Saving Darwin


Shermer pushed on, asking Giberson to comment on the following definitional statement from Carl Sagan's "Cosmos:"

"For we are the local embodiment of a Cosmos grown to self awareness. We have begun to contemplate our origins ... Our loyalties are to the species and the planet. We speak for earth. Our obligation to survive is owed not just to ourselves but also to that Cosmos, ancient and vast, from which we sprung."

"What’s wrong with that?" Shermer asked Giberson, with a smile.

This kind of thinking is "hardly going to inspire ordinary people" to be passionate about spirituality, Giberson replied. "I just don’t think it would be a functional religion."


Of course, as Giberson himself notes in another interview, “Virtually all the leading spokespersons for science – the ones on bookstands and public television – are strongly antireligious.”

So his view is a minority view, but it is also the view that eventually will stand in the way of a secular religion. Eventually, we might presume, evolutionary theory will come to dominate the popular conception of the universe, as it now dominates the scientific community's conception of the universe. Heliocentrism eventually won out in the minds of the average person long after scientists could not refute it, and as long as evolution remains the scientific theory of choice, it will follow suit.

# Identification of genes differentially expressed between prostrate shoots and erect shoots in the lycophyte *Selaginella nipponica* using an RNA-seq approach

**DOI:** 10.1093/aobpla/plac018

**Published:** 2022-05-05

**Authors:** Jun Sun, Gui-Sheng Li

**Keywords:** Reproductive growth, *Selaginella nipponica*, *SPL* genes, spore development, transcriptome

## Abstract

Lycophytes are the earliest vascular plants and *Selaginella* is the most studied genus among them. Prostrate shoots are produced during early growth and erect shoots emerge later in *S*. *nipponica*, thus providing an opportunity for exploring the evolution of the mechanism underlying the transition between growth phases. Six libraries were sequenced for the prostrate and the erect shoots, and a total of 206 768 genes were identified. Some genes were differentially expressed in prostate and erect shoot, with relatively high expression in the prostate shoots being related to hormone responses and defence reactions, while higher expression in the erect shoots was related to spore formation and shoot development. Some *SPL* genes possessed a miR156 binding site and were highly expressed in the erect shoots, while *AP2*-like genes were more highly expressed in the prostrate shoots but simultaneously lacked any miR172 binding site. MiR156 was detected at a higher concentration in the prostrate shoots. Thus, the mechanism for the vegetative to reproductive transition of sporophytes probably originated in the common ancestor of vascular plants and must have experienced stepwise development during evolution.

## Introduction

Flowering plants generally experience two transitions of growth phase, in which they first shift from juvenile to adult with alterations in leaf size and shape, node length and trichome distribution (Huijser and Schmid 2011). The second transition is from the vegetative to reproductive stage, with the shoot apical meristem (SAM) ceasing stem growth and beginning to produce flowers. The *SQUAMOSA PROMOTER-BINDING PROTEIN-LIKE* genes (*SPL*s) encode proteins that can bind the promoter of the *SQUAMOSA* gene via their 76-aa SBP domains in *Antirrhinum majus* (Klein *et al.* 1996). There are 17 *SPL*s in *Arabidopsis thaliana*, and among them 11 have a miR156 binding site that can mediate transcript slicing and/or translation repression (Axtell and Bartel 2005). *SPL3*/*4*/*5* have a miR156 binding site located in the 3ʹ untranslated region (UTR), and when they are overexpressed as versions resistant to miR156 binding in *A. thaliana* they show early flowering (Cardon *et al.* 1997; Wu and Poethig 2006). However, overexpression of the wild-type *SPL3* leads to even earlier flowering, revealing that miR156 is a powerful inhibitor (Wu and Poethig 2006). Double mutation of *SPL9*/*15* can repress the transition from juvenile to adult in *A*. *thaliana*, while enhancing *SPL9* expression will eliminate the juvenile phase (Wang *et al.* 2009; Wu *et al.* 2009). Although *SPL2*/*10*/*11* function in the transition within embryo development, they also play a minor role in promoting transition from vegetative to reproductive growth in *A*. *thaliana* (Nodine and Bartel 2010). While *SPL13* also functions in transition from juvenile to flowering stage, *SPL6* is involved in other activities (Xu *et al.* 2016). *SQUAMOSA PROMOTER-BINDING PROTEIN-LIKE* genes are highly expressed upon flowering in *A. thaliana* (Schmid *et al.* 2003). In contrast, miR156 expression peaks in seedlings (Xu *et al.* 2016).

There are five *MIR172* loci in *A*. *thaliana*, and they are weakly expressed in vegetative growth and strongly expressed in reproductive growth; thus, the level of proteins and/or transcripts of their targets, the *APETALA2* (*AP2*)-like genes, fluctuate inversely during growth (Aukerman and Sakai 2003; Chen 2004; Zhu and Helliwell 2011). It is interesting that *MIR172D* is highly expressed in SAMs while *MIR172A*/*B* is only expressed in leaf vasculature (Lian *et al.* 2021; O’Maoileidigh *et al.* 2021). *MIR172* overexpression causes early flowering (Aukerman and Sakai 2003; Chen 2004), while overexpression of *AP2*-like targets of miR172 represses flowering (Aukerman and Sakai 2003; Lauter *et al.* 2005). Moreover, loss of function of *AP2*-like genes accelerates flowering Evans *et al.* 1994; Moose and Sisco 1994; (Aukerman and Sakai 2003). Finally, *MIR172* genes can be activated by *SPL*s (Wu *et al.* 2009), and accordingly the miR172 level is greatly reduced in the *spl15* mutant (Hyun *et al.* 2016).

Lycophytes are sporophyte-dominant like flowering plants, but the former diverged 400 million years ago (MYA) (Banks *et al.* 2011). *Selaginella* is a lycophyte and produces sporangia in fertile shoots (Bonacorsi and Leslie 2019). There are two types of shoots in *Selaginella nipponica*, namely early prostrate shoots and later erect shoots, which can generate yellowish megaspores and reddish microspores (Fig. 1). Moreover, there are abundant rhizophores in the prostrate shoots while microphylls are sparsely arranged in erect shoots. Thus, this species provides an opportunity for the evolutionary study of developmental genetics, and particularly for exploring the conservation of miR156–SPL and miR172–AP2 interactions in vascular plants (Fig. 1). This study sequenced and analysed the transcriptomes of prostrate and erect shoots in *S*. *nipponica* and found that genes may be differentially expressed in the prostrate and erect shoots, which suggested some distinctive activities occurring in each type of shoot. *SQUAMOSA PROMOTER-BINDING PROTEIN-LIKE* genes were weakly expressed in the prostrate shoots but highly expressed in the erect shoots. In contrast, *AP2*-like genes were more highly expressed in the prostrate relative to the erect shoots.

Giberson's view is significant then, because it represents a reluctance to embrace alternatives to traditional religions even among the educated who understand that scientific evidence renders evolutionary theory incontrovertible.

Giberson thinks science is just not poetic enough, not inspiring enough. But why? The facts of evolution themselves are no less awe-inspiring than the facts contained in a Christian narrative. What could be more incredible than a universe billions of light years wide and billions of years old? What could be more inspiring than intelligence which pulled itself up by its bootstraps out of the toxic sludge of the early Earth, to look out at the glory of existence? Sagan's Cosmos makes Jehovah look pitiful and unworthy.

But it's not Giberson's fault that he fails to be inspired by the truer and grander story. He was raised in a Christian land to have Christian values, with no widely available way to practice “spirituality” (what I would call positive thought) and also embrace science. The reason Giberson fails to be inspired by the scientific view is that it has not been suitably framed in an engaging narrative. The scientific community is concerned with learning the truth and teaching the truth. But it has no reason to engage in the kinds of activities or build the kinds of infrastructure needed for personal fulfillment that religion does, despite the fact that such infrastructure could exist.